Despite the challenges parents face under difficult economic conditions and ever-growing constraints on their time, the quality of food they offer their young children is more important than ever. According to Consumer Reports, children may be a risk for exposure to toxins sometimes found in non- organic baby food because the process often used to condense fruits and vegetables potentially concentrates pesticide residues. Toddlers developing immune, central-nervous and hormonal systems may be particularly vulnerable to damage from those toxins, the report noted.
In Feb. 2010, Heinz recalled thousands of bottles of baby food after discovering they could contain small pieces of plastic, while in Sept. 2010, Ella’s Kitchen announced it was withdrawing some of its baby food pouches after concerns there was microbial spoiling in drinking straws. It’s no surprise then that parents are increasingly looking to organic products to nourish their children.
Organic baby food accounted for roughly a quarter of all new baby food product launches worldwide in 2009, according to a 2010 report from Canada’s Agri-Food Trade Service. In the U.S., high growth is expected for organic baby food products in the next five years with anticipated economy recovery and rising educated population, according to the report, ‘The US Baby Food and Formula Market’, from marketresearch.com
In the global baby food and pediatric nutrition marketplace, which accounted for USD $11.8 billion and $26.3 billion in 2011 respectively, understanding demographic trends is key to gaining a competitive edge, according to Transparency Market Research.
The largest numbers of babies are currently being born in areas where consumer spending is growing the fastest, and where low consumption of pediatric nutrition combined with more women entering the workplace is creating demand for more breastfeeding alternatives. Further, ongoing research suggesting the need of balanced nutrition for healthy growth and development will likely continue the drive for more healthy food choices in the demographic.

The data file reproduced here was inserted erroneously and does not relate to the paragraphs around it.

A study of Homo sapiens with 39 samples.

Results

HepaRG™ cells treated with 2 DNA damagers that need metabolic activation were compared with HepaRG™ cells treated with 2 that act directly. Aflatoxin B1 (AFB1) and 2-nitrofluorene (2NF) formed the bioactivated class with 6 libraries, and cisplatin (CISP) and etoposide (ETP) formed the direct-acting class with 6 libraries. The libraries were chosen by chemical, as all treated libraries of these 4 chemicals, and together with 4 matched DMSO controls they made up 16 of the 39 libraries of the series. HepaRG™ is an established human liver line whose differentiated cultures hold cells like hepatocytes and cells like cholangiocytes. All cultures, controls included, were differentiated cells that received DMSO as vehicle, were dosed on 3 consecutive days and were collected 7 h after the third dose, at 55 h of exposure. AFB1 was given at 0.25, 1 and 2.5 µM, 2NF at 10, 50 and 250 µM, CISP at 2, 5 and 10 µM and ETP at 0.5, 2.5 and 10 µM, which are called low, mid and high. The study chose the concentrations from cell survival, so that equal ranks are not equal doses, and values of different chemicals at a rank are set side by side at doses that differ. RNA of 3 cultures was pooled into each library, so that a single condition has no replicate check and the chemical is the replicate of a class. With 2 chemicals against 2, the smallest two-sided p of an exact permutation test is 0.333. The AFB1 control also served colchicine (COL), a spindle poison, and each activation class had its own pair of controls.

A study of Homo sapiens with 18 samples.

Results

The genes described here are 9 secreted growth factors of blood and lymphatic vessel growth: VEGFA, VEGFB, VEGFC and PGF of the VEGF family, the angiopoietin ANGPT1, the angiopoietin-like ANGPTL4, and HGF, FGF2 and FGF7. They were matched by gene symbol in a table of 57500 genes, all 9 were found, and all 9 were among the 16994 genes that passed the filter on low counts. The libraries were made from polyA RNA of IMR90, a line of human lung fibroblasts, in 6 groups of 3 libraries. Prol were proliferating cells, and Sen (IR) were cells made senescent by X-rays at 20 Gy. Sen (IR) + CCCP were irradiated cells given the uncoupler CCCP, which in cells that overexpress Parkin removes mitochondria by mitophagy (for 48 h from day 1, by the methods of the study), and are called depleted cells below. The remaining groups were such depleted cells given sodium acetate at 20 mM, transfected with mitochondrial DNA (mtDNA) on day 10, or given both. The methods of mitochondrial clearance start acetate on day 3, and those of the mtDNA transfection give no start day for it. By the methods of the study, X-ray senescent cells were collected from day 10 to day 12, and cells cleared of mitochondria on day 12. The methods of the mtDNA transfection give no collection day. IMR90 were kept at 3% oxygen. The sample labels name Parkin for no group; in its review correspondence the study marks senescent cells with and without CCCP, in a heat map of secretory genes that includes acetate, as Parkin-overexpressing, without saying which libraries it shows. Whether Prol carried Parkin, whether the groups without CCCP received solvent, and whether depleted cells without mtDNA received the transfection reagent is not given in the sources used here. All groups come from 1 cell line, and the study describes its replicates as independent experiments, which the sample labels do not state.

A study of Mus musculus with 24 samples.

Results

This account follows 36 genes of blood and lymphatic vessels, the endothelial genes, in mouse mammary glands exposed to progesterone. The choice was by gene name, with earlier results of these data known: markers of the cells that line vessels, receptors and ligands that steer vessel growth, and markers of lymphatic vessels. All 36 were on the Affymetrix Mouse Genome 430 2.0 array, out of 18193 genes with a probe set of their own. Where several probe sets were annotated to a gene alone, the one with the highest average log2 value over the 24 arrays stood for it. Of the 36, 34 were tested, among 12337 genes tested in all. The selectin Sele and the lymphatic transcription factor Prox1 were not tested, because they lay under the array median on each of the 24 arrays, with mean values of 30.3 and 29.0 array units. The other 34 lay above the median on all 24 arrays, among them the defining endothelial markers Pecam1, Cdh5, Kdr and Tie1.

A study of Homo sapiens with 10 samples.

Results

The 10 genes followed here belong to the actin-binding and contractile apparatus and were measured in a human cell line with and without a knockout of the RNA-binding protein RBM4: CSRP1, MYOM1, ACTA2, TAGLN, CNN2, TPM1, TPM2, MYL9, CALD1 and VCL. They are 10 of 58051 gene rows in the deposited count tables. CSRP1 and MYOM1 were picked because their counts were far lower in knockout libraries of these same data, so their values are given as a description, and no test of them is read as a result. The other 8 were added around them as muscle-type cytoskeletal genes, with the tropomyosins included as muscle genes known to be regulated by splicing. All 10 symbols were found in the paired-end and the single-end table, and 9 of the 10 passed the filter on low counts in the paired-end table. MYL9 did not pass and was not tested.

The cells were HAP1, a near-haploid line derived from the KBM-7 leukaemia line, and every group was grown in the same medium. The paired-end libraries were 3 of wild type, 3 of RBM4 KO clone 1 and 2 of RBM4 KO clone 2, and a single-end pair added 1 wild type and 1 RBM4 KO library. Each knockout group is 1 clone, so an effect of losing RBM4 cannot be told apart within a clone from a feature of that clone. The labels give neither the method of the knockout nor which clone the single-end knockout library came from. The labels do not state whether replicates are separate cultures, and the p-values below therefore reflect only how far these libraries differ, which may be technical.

In 2011, the Asia-Pacific regional market accounted for close to 40% of market revenue, North America about 21 percent and Western Europe, 20 percent. Eastern Europe, Latin America, the Middle East and Africa took in about 20% of the market.
The Chinese market, with an increasing large middle class willing to pay a premium for better quality products, is expected to show the highest growth for baby foods in 2010–2015, A strong birth rate in India also makes it an attractive market for baby foods. More better educated Indian women are taking full time jobs, increasing family purchasing power for packaged baby food.
Transparency Market Research is estimating the Asia- Pacific, Latin America, Middle East and African markets will consolidate their positions over the next five or so years and collectively account for 60% of the global baby food and pediatric nutrition market in 2017.
Babies normally consume baby food and pediatric nutrition products from birth until age 4, while roughly 90% of children aged 0 to 4 in 2010, about 550 million, lived in less developed regions of the world. Strong marketing and distribution, as well as packaging and product variation are seen as integral to gaining competitive advantage in this sector.
The United States Department of Agriculture estimated that 2010, sales of all organic products was roughly USD $24.5 billion, a nearly 8% increase over the previous year.
Despite Canada’s slow projected birth rate, sales of baby food are projected to grow, reaching nearly CAD$537 million in 2015. Other demographic changes and shifts in consumer behaviour will likely support the demand for baby food. Continuing demand for organic food, an increasing number of new immigrants, and a reported increase in the number of children with food allergies, will all impact sales growth, according to the Baby Food Global Pathfinder Report provided by Canada’s Agri-Food Trade Service.
Economic conditions in the European market have been on a downturn, but sales of organic food in general have grown substantially over the past decade. The largest EU markets are in Germany, France, the UK and Italy, making up more than 70% of the EU’s total organic food sales, with continued growth projected to 2015.
In Germany, organic food sales are expected to grow as health-conscious parents spend more per child. One of Germany’s largest organic baby food producers, Hipp, had USD $720 million in turnover in 2011, according to spokeswoman Sandra Hohenlohe.
Against a steady decline in the U.K. birth rate over the past decade, since 2005, the baby food sector has shown steady growth and is expected to be worth over USD $1.16 billion by 2015, an 79% increase. More women moving to the workplace who are also choosing to have children at an older age, combined with an overall social acceptance in the U.K. of women who integrate motherhood with a career, is helping demand for more convenient, higher-quality products that are in some cases sold at a premium. Consumers in the U.K. also tend to use prepared baby foods longer into a child’s life than other nations. Danone Baby Nutrition U.K. reported that 1% of British infants are still on baby food by age.